Examine Your Motives and Do Your Homework to Assure the Best Outcome
Do you think that enlarging your breasts will make you more desirable, resulting in more attention from your significant other or men in general? Perhaps you think that restoring a more youthful facial appearance will "wake-up" your husband and, in turn, restore your relationship to a time when his attention was focused more on you instead of sports or his job.
If you could just lose the bulges around your middle, or change your nose so that it's more proportionate to the rest of your features, you feel you would be more attractive and, as a result, gain a better job, relationship, or more friends.
If any of those scenarios have crossed your mind, it would be a good idea to spend some time in honest reflection before you commit to plastic surgery. There is no question that plastic surgery can produce amazing physical changes, but there have been an abundance of studies which document that this kind of cause-and-effect thinking ultimately leads to unhappy patients. Why? Because bigger, tighter, thinner, or younger is not necessarily "better." Positive physical changes will only be experienced by you. If you need someone else to validate the improvement by some change in their behavior, or attitude, you will be disappointed if it doesn't happen.
The best reasons for having plastic surgery should come from within, from a sincere desire to feel better about yourself (for yourself). Every culture has its own standards of "beauty" and what is considered "normal". Studies confirm that people deemed "attractive" do tend to receive better treatment both socially and in the work-place, but that doesn't mean those people are in fact happier than anyone else. Procedures done with the goal of pleasing someone else, or gaining something from someone else, can be an invitation to being disappointed with the end result.
Instead, judge a successful plastic surgery result by how it makes you feel, not by how others think or feel. Plastic surgery can reverse the signs of aging, enhance some aspect of your figure, or restore/reconstruct damages to your body that are a result of injury or disease. Your surgeon can make recommendations with regard to what you can do to achieve your goals and enhance yourself, without going to extremes that over-emphasize some aspect of your appearance and give an unnatural look (this brings to mind some images that we periodically see in celebrity tabloids). You should look like your best self. The correct psychological motivation for surgery assures that the end- results will help you feel better about yourself, resulting in an increase in self-esteem and self-confidence - regardless of what other people think.
Speaking of confidence, once you have determined that you have the right reasons to move forward with your surgery, how do you know that you have found the "right" doctor? Again, back to trusting your inner-self; do not be hesitant about asking questions. Is the doctor really listening to what you're saying, and then answering in terms that you can understand? Have you had the opportunity to speak to the actual person who performs the procedure, or are you talking with other, non-medical, office personnel? Did your doctor discuss not only the potential improvements, but the potential risks and complications as well? If the procedure involves some type of anesthesia, you should ask how and where it is done and who will be doing it. Generally, the more significant the anesthesia, the greater the need for specially-trained personnel, like an anesthesiologist, to be involved. Cost is usually an important consideration, but realize that, most of the time, you get what you pay for.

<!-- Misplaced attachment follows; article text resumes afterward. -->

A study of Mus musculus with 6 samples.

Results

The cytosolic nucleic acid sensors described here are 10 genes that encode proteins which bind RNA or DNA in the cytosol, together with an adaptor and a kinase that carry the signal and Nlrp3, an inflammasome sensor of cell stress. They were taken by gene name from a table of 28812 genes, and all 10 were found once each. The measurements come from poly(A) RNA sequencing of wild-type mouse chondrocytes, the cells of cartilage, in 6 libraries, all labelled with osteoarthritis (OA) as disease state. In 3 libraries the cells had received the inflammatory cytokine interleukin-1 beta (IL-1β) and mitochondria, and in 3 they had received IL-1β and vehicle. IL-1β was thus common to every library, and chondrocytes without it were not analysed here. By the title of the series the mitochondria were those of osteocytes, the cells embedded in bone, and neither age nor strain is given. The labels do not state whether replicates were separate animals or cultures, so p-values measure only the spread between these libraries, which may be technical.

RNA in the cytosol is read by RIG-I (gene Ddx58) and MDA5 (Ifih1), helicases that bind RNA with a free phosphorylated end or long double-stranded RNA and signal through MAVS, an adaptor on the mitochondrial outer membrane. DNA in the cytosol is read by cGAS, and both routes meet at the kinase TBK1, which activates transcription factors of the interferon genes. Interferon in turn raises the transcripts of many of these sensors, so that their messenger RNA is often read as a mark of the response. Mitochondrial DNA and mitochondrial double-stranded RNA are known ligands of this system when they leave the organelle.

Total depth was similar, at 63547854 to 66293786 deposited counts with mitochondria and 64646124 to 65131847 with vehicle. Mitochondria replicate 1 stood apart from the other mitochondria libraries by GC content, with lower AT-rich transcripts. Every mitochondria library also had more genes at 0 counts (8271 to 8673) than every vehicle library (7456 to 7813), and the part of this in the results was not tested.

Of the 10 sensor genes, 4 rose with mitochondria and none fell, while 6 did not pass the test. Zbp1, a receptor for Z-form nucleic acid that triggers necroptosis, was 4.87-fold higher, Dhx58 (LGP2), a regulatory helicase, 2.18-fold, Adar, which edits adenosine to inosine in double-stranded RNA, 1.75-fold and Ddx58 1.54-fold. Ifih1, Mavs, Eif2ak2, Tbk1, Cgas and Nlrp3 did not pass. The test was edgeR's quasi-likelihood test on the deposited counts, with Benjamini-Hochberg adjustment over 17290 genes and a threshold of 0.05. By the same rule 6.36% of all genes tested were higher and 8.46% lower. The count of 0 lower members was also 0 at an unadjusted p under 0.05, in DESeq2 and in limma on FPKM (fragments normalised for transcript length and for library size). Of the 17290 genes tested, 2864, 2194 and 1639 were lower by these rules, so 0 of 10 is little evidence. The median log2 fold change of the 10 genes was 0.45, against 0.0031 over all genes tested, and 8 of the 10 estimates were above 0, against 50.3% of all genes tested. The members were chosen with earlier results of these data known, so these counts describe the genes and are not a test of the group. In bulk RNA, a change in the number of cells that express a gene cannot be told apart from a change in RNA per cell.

"...the end- results will help you feel better about yourself, resulting in an increase in self-esteem and self-confidence - regardless of what other people think."
Talking with more than one doctor may also help you gain a different perspective on what you're seeking, and further educate you about procedures, risks and perhaps other alternatives that may be less involved and/or less expensive. Again, don't be shy with regard to asking questions, and then trust your instincts. For instance, do you get the feeling that you are being steered toward more than you need, or is it clear that the surgeon is pursuing/modifying the operation or procedure to fit your specific needs and goals? Could BotoxT or a skin-filler like JuvadermT accomplish what you need for facial rejuvenation without surgery?
It's important to ask about the physician's training and experience with any procedure, surgical or non-surgical. It's also reasonable to ask to speak with patients who have undergone similar procedures. Is what you're being offered a relatively new procedure, and, if so, what is the science behind it? How much experience has the doctor had with it? You should not feel pressured to make up your mind after one discussion. Many times a follow-up discussion gives the patient time to reflect on the initial conversation, and gives him/her the opportunity to ask additional questions.
The bottom line is to approach plastic surgery with the right motivation and don't apologize for doing your homework on the procedure and your physician. Remember, this is all about you, and you are worth it!
Dr. Robert A. Laughlin is a board-certified plastic and reconstructive surgeon who has been helping people from all over the world for the past 26 years. His practice, Hilton Head Island Plastic Surgery, is located on the campus of the Hilton Head Regional Medical Center where he is a member of the Board of Directors and the active surgical staff.
Dr. Laughlin lives on Hilton Head with his wife Linda, who is also his surgical assistant. They have two grown daughters and four grandchildren. He may be reached at (843) 681-4088 or www.hiltonheadislandplasticsurgery.com.